Title: Steel-makers margins to nearly double in H2 to 25 pc from H1 levels: Report
Steel-makers are in for better times from the second half of the current fiscal as lower input cost and robust domestic demand will ease their margin pressure and lift operating margins to over 25 per cent, as per a report. The industry was hit by high input costs in the first quarter and is still under pressure in the ongoing second quarter, the rating agency said in the report.
As a result, their operating margins of primary steelmakers are likely to fall to 14-16 per cent in the first half of this fiscal -- massively down from 30 per cent last fiscal, which was a decadal best -- due to high input costs, lower realisations and imposition of export duty on finished steel products, among other reasons, Crisil added.
However, from the second half onwards the margin pressure is expected to ease due to lower production costs because of declining raw material price.
However, from the second half onwards the margin pressure is expected to ease due to lower production costs because of declining raw material prices and steady realisations backed by robust domestic demand, lifting it above 25 per cent, the report said.
This will have the full-year operating margin at a robust 22-24 per cent, which will still be 700-800 bps lower from the last year, but higher than the pre-pandemic average of 20 per cent logged between fiscals 2017 and 2020.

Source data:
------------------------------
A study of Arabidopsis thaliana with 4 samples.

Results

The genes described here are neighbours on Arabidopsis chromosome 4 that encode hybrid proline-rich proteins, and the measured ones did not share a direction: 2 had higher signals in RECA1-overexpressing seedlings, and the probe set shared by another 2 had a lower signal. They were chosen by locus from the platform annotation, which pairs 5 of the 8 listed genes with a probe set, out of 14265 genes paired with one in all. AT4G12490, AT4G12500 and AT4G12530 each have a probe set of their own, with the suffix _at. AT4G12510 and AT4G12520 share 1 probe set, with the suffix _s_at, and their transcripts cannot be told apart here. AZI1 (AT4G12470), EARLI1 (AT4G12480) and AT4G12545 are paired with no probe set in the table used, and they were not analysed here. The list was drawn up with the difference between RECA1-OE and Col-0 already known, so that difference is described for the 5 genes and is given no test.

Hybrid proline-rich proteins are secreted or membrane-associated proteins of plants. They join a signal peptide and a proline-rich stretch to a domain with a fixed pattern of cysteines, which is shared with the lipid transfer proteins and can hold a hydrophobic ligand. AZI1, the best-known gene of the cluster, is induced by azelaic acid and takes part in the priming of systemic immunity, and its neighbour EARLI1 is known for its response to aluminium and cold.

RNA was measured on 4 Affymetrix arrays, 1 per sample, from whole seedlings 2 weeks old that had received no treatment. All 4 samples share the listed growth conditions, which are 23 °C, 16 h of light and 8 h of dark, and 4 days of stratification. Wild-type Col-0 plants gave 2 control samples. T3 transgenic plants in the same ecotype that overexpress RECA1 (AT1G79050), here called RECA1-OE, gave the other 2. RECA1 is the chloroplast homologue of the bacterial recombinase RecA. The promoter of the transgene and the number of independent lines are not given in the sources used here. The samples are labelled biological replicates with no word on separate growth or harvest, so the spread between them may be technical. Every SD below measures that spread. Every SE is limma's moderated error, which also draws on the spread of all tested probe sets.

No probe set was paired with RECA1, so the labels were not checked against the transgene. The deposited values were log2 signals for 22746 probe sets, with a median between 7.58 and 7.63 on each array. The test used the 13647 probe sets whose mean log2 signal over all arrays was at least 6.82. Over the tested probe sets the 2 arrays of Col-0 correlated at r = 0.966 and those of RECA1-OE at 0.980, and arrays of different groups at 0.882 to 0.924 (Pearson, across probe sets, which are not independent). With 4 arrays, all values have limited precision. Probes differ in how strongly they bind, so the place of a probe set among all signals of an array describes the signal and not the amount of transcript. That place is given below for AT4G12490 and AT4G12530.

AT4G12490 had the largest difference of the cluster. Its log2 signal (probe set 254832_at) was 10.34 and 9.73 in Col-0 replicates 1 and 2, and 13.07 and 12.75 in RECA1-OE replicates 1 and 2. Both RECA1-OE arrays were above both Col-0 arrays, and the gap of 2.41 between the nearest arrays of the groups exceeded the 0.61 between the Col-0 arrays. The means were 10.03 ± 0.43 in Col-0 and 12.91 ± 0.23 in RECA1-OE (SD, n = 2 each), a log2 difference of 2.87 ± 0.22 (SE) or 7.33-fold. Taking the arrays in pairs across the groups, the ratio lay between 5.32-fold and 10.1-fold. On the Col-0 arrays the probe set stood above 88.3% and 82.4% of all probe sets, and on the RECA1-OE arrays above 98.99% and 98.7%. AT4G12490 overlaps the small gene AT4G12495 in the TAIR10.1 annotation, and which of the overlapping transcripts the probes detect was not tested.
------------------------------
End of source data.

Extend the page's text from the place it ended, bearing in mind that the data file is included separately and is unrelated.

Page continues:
The first quarter saw a significant decline in steel prices with high input costs. Though input prices have corrected, their impact will be felt only towards the end of the second quarter, leading to a subdued first half.
It can be noted that global coking coal -- a key raw material that comprises 40 per cent of the production cost and is usually imported by domestic steel manufacturers -- has seen the price plummet from a historical high of USD 600 a tonne in March 2022 to USD 250 in August due to improved supply from Australian mines and weakening demand from global steel producers.
The coking coal price is expected to remain benign as supply improves and the global demand outlook remains weak, the agency said.
Ankit Hakhu, a director at the agency, said iron ore, sourced domestically and accounting for 15-20 per cent of the production cost, has also more than halved since May 2022 due to increased domestic supply after the government imposed a 50 per cent export duty on iron ore and 45 per cent on pellets.
Lower raw material prices, mainly global coking coal and domestic iron ore, may lower production costs by 30 per cent in the second half of this fiscal, he said.
Realisations have also fallen in the first half as export duty, coupled with a moderation in domestic demand, pulled down domestic steel prices by nearly 25 per cent since April to Rs 57,000 a tonne in August. Global steel prices also dropped 28 per cent as lockdowns in China impacted global demand.
For the remainder of the fiscal, global prices are likely to remain range-bound, amid a lifting of COVID restrictions in China and growing expectations of lower production curbs to meet decarbonisation goals in the second half.
According to Hetal Gandhi, a director at the agency, domestic realisations are likely to find support from a revival in domestic demand to 6-8 per cent, led by infrastructure, capital goods and automotive. This, along with lower production cost, can lift operating margin to over 25 per cent in H2 from an estimated 14-16 per cent in H1.
The report is based on the top five steelmakers -- Tata Steel (including Bhushan Steel), JSW Steel, Sail, Arcelor-Mittal Nippon Steel and Jindal Steel & Power -- which account for 60 per cent of domestic production.